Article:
Fear

The reason for this is that there are two ways in which to view the pricing function and pricing activity in a law firm; as a standalone and insular activity confined to what you might call, ‘the home straight’. That is the interaction between partner and client or perhaps the bid team and procurement.

The other way to conceive of pricing is not as a function but rather, as a mindset. One that goes to the heart of the firm's culture, ethos, brand and reputation, delivery systems and the way in which it views its relationship with its clients at a DNA level.

If this all sounds a bit existential and flaky, bear with me. If pricing is viewed as a standalone activity, that will often manifest itself as a request from a firm to "come in and do a bit of price negotiation training". What is customarily envisaged is 2 to 3 hours of CPD. Not to suggest that this is a waste of time, but the real question is, ‘what do we want to achieve through such an exercise?’ If the answer is to instill participants with some new ideas and negotiation skills, then that is a worthwhile activity.

Unfortunately, it in no way contributes to the imperative for a firm to answer questions such as;

  • How do we demonstrate through pricing that our interests are aligned with those of our clients?
  • How do we ensure that all elements of our business practices including pricing make us easy to do business with?
  • What does the interface between pricing execution and work stream delivery (process improvement and legal project management) look like?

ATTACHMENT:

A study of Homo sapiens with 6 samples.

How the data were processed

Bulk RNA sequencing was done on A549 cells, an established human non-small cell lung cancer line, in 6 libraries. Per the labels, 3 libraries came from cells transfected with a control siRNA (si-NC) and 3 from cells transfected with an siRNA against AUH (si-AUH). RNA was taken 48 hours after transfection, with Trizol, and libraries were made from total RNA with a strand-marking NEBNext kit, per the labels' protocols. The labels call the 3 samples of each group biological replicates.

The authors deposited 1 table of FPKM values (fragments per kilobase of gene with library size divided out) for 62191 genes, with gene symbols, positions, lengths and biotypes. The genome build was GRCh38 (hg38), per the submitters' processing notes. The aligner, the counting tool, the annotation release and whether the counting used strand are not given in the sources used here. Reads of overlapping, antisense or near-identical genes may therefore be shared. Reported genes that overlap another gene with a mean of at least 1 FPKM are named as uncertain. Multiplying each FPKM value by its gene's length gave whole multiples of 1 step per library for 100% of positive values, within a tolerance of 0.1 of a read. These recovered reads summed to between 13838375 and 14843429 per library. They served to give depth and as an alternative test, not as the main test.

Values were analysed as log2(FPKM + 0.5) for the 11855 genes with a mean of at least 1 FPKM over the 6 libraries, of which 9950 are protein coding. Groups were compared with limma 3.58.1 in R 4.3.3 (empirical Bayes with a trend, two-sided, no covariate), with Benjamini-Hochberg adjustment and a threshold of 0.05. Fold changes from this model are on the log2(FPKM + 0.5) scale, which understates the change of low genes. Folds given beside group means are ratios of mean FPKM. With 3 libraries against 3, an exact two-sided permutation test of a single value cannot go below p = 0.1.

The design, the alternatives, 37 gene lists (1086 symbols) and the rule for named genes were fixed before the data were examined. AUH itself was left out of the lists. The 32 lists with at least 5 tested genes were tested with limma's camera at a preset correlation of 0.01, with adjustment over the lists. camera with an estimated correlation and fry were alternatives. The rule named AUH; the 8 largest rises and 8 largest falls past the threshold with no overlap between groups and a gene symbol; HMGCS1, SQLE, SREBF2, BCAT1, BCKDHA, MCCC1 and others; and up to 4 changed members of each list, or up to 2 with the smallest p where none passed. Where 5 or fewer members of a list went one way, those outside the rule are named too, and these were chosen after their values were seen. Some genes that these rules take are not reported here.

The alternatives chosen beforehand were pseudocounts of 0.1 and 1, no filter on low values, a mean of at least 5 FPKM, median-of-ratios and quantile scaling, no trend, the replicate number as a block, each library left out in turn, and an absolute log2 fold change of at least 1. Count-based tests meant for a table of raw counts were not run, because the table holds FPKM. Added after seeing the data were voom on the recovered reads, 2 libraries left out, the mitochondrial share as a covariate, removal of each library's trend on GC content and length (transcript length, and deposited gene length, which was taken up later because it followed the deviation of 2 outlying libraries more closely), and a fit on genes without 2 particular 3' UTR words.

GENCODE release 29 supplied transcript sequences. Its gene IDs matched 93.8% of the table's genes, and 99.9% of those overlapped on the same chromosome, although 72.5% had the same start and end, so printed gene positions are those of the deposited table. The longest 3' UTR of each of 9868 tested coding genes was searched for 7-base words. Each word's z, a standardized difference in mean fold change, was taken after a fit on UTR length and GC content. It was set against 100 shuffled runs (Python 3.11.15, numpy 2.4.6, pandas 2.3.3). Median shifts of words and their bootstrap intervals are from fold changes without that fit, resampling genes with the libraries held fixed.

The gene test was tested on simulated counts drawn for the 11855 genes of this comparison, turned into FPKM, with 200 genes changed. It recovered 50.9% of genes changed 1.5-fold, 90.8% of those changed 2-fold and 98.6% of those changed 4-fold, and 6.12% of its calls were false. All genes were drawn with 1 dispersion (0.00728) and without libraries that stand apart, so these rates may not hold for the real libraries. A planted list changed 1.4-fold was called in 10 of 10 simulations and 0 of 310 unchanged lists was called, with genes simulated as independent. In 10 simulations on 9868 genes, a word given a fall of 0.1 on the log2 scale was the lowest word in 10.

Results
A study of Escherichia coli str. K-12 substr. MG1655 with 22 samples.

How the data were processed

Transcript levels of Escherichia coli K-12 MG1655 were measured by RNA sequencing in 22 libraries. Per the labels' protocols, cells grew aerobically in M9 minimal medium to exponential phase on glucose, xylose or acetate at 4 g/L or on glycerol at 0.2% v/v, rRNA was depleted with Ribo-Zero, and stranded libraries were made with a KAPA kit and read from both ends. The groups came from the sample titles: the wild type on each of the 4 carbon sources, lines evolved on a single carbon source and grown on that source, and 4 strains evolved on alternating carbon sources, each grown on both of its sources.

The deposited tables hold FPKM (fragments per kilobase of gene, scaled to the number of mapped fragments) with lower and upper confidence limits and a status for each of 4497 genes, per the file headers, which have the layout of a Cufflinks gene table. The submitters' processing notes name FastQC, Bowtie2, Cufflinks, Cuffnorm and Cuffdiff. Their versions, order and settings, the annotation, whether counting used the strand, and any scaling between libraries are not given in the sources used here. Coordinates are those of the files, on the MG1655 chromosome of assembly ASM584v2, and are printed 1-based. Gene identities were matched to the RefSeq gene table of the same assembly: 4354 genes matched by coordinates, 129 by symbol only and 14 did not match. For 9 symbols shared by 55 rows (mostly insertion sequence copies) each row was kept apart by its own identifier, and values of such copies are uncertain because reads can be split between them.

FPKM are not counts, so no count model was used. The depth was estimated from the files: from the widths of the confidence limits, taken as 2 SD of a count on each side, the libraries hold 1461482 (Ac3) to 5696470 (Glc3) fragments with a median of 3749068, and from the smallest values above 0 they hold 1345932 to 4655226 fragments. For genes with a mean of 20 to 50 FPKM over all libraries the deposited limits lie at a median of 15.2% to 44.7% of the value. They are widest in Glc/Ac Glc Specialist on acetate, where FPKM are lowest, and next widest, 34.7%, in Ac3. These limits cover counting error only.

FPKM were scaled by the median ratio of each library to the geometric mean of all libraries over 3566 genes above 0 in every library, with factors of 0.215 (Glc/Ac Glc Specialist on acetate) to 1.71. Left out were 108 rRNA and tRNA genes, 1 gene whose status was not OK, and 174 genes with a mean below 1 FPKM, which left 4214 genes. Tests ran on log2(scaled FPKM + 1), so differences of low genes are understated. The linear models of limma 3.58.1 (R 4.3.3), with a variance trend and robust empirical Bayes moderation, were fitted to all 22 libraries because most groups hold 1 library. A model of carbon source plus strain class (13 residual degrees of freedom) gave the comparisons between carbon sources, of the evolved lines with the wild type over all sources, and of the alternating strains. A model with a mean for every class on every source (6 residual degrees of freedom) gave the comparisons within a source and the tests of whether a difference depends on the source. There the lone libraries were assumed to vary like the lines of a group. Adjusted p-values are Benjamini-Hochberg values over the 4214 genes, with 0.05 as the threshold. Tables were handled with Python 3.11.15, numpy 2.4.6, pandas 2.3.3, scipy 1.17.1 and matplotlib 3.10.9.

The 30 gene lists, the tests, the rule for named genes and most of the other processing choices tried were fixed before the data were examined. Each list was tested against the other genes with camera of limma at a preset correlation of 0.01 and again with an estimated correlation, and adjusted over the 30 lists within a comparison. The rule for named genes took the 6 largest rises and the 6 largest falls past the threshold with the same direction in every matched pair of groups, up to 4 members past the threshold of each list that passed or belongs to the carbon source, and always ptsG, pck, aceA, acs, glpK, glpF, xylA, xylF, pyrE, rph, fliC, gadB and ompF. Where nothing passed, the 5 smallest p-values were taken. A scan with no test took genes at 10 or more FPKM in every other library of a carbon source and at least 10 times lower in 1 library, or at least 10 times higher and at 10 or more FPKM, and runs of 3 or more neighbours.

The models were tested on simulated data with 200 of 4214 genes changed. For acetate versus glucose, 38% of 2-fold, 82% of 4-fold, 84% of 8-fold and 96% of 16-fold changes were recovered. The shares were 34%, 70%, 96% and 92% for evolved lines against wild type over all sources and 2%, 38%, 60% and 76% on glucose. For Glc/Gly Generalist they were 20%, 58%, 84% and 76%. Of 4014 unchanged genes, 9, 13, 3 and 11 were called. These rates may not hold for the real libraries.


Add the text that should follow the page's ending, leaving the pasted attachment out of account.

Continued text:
• How does this help us create value and demonstrate delivery of that value to our clients?
  • How do we ensure that our pricing ethos and methodology reinforces the firm's brand and strategic objectives?

All law firms now find themselves operating in a market where there are some brutal home truths that have to be confronted including;

  • Supply exceeds demand and is likely to remain so for the foreseeable future
  • Overall demand is either static or declining
  • The market is cluttered, and differentiation has never been more difficult
  • Technical expertise isn't as much of a differentiator as law firms would like to believe

Tinkering with hourly rates and a couple of price negotiation techniques as a panacea to these challenges conjures up images of ships, icebergs, deck chairs and orchestras.

The firms that are getting this right are taking pricing very seriously but are doing so within a much larger context of pricing governance, pricing analytics and pricing execution. Within the framework of pricing execution, the focus has moved to how to profitably deliver the work whilst according primacy to the increasingly non-negotiable demands of clients for price transparency, budgetary certainty and cost/benefit (value) alignment.

Pricing in turn, is in the best firms being seamlessly integrated into the narrative around work delivery, service levels and voluble communication both internally and client-facing.

The rewards in terms of profitability, client loyalty, reputation and differentiation are considerable but a bit of price negotiation CPD just won’t deliver that. Firms need clarity and decisiveness about why a pricing improvement initiative is required, what it hopes to achieve, how it fits with all the other moving parts and what it will look like in practice, otherwise disappointment is assured.